By Sinead O’Brien.
An exclusivity clause is a restriction within a contract which prevents a party from entering into an arrangement with a third party.
An example would be somebody selling their home giving exclusive rights of sale to one estate agent preventing the instruction of other estate agents to sell the same property. Another example would be a drinks company such as Pepsi stipulating exclusive distribution with a vendor which would prevent them stocking Coca-Cola.
In PR and marketing, exclusivity clauses are often included in client contracts to prevent an agency working with a client’s key competitors.
If you are being asked to sign an exclusivity agreement (or to agree to such a clause which is buried in a lengthy contract) the first question you should be asking is whether this is something that you really want to agree? Does the exclusivity meet your commercial objectives?
For the party committing to the exclusivity it may not be beneficial to exclusively restrict services to only one client which could mean other business opportunities have to be turned away. Ask yourself, would you be losing out on better and more profitable opportunities by accepting the exclusivity restriction? If yes, can you negotiate for increased remuneration or other compensation as the ‘price’ to agree to the restriction?
Alternatively, for the party who is giving the benefit of exclusivity, is it sensible to do so? In the estate agent example, would the chances of finding a buyer be greatly increased by using more than one agent?
In PR and marketing, would the party obtaining the benefit of exclusivity be overpaying an agency for services which could be provided on a non-exclusive basis without much difference to that party?
If you unwittingly breach an exclusivity clause, this could lead to a contractual dispute which could result in Court proceedings to claim monetary relief by way of damages and/or an injunction to prevent a party from further breaching an exclusivity clause – all of which might lead to unwanted legal costs.
So, how can you avoid this? Should the terms of exclusivity be uncertain then the clause is more likely to be unenforceable. You should therefore carefully consider the following factors before agreeing to (or seeking) an exclusivity provision:
The exclusivity of the activity in question should be expressly defined i.e. set out exactly what is and/or what is not permitted. For example, does the exclusivity apply to all services provided for under the contract or just an aspect of the service? In this regard, try to avoid sweeping statements of exclusivity as, subject to pre-contract negotiations, this might provide that the clause is more likely to be unenforceable. It would be better to say that an agent is prevented from providing PR and marketing to a third party in a specified location as opposed to being prevented from providing all services to any third party.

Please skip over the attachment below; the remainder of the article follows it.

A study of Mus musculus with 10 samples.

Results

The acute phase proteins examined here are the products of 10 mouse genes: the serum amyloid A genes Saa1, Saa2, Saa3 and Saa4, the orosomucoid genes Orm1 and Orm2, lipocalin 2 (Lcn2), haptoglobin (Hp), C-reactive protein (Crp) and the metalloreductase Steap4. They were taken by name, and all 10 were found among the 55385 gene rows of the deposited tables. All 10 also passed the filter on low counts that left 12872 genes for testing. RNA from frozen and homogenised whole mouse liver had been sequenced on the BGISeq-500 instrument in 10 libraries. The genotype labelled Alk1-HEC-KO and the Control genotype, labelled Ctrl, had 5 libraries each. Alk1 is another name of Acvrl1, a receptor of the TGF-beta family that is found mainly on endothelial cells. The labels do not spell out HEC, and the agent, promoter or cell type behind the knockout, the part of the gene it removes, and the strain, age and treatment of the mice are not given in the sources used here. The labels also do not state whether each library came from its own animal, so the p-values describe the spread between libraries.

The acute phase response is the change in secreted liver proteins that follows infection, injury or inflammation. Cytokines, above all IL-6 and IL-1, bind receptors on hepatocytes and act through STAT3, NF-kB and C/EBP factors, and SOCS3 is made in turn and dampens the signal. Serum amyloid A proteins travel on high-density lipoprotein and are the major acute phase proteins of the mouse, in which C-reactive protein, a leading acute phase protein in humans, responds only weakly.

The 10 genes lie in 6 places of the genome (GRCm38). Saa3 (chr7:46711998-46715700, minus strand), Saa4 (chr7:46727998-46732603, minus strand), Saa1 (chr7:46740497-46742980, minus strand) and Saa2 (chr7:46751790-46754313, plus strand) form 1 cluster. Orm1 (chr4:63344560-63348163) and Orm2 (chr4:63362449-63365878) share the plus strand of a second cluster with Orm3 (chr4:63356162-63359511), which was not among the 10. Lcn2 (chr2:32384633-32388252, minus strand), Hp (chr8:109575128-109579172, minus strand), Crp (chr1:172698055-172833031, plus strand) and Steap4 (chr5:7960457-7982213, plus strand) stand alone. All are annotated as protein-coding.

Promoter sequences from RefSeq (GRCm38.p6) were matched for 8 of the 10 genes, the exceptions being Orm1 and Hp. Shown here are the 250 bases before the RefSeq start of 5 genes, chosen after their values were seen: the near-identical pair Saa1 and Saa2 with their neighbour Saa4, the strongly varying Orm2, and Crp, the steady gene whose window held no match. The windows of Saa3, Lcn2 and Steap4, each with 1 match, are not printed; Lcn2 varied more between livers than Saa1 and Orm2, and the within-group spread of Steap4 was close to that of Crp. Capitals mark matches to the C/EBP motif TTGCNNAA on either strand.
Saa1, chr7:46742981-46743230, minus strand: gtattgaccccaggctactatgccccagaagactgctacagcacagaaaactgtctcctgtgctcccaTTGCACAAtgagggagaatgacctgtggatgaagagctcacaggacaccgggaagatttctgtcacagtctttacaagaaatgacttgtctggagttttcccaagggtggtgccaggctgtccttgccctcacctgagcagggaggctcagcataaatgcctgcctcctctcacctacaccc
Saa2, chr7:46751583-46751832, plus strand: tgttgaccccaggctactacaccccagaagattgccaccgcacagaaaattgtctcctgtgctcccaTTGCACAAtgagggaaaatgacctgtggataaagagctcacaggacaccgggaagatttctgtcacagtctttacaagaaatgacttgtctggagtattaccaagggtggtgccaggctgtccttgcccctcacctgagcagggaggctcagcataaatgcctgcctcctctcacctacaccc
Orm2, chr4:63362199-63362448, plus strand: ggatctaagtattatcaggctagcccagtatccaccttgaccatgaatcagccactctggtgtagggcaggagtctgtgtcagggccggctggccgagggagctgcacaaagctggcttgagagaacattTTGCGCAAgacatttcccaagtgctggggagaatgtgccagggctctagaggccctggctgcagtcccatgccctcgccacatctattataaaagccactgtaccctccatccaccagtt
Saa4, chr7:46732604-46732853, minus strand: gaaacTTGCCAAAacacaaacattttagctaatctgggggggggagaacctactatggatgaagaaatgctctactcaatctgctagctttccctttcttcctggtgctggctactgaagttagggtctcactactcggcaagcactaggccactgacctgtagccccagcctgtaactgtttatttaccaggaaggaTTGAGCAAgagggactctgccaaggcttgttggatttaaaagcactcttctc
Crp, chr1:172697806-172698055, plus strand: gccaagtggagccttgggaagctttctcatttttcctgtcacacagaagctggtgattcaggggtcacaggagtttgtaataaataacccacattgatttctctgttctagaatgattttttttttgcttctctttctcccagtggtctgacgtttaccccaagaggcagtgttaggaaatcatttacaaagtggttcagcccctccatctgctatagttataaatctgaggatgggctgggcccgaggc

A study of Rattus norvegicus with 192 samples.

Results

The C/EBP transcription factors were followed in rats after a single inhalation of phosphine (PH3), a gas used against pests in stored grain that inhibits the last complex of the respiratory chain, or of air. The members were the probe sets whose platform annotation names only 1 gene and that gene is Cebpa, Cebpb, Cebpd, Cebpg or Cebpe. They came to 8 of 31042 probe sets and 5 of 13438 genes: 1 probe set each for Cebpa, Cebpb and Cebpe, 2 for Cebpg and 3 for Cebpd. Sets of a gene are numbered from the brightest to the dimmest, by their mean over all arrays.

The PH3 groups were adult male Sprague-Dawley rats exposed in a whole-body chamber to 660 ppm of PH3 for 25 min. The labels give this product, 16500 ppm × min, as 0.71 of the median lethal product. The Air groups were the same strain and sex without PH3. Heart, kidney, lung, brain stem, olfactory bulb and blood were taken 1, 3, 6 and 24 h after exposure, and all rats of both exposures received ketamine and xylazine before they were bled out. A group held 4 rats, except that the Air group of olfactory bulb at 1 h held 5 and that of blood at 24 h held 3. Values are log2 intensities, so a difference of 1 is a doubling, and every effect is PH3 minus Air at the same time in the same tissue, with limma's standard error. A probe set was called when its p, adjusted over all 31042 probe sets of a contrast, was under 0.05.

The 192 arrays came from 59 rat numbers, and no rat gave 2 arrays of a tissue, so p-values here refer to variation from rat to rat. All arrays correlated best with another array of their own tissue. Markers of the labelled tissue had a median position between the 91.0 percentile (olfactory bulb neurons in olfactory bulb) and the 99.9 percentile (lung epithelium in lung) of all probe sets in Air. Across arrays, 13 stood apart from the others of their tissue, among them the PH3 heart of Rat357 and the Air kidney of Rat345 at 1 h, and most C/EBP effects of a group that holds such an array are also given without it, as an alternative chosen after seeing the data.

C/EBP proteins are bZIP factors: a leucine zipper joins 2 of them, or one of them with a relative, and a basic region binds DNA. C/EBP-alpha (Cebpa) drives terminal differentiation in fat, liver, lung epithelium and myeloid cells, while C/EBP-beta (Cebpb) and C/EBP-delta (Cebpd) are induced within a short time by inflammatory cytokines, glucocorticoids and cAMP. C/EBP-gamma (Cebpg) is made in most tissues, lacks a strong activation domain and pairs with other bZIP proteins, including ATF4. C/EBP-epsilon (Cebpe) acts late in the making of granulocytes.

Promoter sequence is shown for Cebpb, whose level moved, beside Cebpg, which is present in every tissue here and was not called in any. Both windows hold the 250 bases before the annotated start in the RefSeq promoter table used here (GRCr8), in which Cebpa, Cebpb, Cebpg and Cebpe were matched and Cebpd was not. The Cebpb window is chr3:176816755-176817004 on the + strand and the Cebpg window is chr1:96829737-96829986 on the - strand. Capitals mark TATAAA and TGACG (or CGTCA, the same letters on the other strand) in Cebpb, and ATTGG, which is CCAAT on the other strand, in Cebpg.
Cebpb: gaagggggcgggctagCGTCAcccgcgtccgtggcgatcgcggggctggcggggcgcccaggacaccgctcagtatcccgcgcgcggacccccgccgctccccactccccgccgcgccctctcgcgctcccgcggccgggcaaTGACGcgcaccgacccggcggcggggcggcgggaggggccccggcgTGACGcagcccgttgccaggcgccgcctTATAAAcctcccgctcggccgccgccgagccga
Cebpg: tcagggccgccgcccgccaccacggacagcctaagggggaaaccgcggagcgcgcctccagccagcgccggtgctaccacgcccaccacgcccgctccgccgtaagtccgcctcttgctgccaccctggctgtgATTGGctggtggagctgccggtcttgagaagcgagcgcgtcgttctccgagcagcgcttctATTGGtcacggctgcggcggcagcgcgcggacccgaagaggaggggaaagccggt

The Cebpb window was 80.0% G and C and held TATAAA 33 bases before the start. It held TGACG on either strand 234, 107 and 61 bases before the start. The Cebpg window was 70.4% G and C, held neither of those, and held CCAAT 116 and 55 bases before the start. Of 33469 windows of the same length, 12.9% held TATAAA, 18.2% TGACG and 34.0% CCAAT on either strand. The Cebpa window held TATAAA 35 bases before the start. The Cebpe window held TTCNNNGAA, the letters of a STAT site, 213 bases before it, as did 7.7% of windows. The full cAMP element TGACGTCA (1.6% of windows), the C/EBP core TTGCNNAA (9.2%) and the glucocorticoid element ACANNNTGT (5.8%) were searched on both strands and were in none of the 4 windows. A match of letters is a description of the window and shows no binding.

The scope of the exclusivity should also be limited in terms of applicable territory. This could be that the exclusivity only applies to a specified town or city or, alternatively, it could be as wide as being applicable to a particular country or continent. For example, a London PR agency specialising in the legal sector might be happy to agree an exclusivity clause with a law firm based in an overseas jurisdiction, such as Brussels, but not for a law firm based in the capital which may severely curtail pipeline.
The exclusivity of the activity should be for a specified duration. Best practice would be to enter into a term of exclusivity that would not be considered excessive otherwise it may be unenforceable. What would be a reasonable period will depend on the circumstances of each case but it would usually be for the term of the contract.
It may be that the clause does not use the word ‘exclusive’ and instead uses a similar alternative word such as the word ‘sole’. There is no clear cut legal definition to these terms so these need to be defined or elaborated on in the contract itself as to what is meant by their use. Essentially, the more specific you can be with what you want to achieve the better!
Consider whether the clause itself is likely to be anti-competitive. This consideration is largely applicable to larger entities with market dominance, but the point is that an otherwise adequately drafted exclusivity clause may yet be unenforceable if it breaches competition law.
As always, carefully read a contract before entering into it and watch out for what could be an unwanted exclusivity clause!
Sinead O’Brien is an associate in the dispute resolution team at Goodman Derrick LLP.